Declining budgets and difficulty hiring agents have led to many counties in Kansas consolidating into larger Extension districts under the umbrella of K-State Research and Extension services.

Stafford County and Edwards County agents see advantages to a combination between the two counties that would enable them to provide better services to their constituents.

“It’s true, as they say, that most of us are better together or two of something is better than one,” said K-State Research and Extension Agent Stafford County Amy Collins. “The same holds true for rural areas trying to stay relevant, progressive and be resilient in an ever-changing world.”

Collins said K-State Research & Extension, which provides resources and information for many of the county’s 4-H and agricultural based programs, is an extension of Kansas State University.

“Our job is to provide educational information and programs in the areas of agriculture, family and community wellness, 4-H and youth development, and community vitality,” she said. “Within those four areas, we break it down into even smaller segments to meet the needs of all people in the county.”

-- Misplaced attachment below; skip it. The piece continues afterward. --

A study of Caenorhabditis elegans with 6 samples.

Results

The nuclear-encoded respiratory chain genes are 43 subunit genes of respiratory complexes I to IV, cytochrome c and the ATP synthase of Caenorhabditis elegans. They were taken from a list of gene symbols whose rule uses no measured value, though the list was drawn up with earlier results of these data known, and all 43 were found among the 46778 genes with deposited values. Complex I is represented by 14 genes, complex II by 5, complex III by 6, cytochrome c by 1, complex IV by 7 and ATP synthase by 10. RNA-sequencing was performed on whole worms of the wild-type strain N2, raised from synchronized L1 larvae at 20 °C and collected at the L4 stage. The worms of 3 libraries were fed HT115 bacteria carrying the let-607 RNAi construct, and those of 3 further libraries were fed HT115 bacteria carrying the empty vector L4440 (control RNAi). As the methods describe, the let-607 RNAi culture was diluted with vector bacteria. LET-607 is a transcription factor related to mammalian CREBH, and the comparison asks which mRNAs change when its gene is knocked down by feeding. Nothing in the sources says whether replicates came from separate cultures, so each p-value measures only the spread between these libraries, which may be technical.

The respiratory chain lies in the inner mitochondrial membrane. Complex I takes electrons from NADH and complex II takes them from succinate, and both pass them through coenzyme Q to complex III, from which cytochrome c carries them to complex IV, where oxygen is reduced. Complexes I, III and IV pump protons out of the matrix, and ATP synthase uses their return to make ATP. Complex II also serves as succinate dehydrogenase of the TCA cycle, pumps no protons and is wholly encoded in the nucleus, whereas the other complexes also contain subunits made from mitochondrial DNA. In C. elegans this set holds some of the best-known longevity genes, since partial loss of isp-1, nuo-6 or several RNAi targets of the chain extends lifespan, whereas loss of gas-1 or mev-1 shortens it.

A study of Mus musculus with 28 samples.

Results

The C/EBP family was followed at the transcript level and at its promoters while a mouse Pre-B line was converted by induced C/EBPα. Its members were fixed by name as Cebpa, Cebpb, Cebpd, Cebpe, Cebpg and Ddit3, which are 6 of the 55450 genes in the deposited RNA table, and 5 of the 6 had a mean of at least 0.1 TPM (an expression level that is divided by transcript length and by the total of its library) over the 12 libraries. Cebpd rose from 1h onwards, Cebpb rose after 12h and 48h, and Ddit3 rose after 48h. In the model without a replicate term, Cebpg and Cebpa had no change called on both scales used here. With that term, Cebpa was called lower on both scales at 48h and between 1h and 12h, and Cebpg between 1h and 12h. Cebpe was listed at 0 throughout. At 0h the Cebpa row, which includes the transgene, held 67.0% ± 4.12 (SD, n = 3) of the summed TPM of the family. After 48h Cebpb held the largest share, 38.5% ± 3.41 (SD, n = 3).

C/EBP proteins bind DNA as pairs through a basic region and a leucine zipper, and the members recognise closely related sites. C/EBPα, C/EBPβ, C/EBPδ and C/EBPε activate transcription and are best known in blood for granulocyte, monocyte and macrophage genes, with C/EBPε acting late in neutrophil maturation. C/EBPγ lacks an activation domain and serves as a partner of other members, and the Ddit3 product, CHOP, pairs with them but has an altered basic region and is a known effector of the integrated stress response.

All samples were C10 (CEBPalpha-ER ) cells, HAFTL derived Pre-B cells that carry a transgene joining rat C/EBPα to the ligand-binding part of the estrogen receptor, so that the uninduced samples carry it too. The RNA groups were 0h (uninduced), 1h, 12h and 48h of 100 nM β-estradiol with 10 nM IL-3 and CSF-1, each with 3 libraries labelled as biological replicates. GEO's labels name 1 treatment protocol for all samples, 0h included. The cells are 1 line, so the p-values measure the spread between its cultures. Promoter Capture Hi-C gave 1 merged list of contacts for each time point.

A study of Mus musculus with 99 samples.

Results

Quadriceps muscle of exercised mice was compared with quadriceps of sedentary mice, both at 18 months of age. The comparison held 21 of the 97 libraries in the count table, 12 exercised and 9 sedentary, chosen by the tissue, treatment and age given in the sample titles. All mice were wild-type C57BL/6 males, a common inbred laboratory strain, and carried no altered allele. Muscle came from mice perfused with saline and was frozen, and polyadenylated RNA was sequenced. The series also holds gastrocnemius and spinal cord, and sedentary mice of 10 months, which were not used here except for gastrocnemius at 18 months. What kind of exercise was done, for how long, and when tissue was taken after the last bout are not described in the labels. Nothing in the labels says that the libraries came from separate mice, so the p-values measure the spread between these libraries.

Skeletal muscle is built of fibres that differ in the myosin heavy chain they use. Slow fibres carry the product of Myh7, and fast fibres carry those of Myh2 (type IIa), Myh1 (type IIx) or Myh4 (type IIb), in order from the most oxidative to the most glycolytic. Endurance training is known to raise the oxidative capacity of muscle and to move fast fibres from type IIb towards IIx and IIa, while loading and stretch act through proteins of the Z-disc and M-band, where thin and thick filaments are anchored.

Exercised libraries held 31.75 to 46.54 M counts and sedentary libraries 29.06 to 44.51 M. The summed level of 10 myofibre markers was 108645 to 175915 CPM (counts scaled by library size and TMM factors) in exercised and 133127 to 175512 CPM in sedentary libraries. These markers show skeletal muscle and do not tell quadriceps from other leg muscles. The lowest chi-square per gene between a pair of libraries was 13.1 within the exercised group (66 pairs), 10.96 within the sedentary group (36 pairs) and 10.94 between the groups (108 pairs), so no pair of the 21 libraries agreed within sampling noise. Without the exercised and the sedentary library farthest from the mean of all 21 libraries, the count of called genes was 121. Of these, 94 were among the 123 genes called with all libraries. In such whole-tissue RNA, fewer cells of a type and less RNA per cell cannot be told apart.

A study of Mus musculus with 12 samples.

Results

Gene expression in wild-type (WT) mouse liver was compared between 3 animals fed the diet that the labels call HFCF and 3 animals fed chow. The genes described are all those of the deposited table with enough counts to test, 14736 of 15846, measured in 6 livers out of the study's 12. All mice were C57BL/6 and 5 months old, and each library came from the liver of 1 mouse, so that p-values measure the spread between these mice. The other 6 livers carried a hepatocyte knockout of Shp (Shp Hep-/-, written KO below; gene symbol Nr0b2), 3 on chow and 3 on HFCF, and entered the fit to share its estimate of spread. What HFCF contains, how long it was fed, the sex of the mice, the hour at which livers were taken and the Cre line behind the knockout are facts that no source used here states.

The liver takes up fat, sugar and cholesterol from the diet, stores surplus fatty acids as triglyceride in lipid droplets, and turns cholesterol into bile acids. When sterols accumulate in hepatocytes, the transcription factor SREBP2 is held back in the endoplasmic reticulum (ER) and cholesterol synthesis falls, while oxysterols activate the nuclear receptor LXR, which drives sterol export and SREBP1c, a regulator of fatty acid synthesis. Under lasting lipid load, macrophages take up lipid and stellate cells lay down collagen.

After the first year of redistricting, the combined extension service would become its own taxing entity and equalize payments from both counties

"There would be a governing board with four members appointed by each county commission," Stafford County Commissioner Kurt Fairchild said. "There would be a cap of 2.5 mills, which means that tax dollars could go up or down, but in the long run will result in a savings for everyone, with better services provided for our needs.

Since 1914, K-State Research & Extension has had a presence in all 105 counties in Kansas, but changes in technology have taken place since then and services required or requested have changed as well.

As of 2019, 55 counties have formed districts or gone through the districting process in order to pool resources and better serve community needs in those areas. The most recent districts have been formed in southwest Kansas where Stevens, Haskell and Seward counties are now the Wild West district. As of October, Finney and Scott counties are in the process of forming an extension district.

Many other conversations about districting are happening in other counties across the state, those not in conversation about forming districts could get left as an island of their own.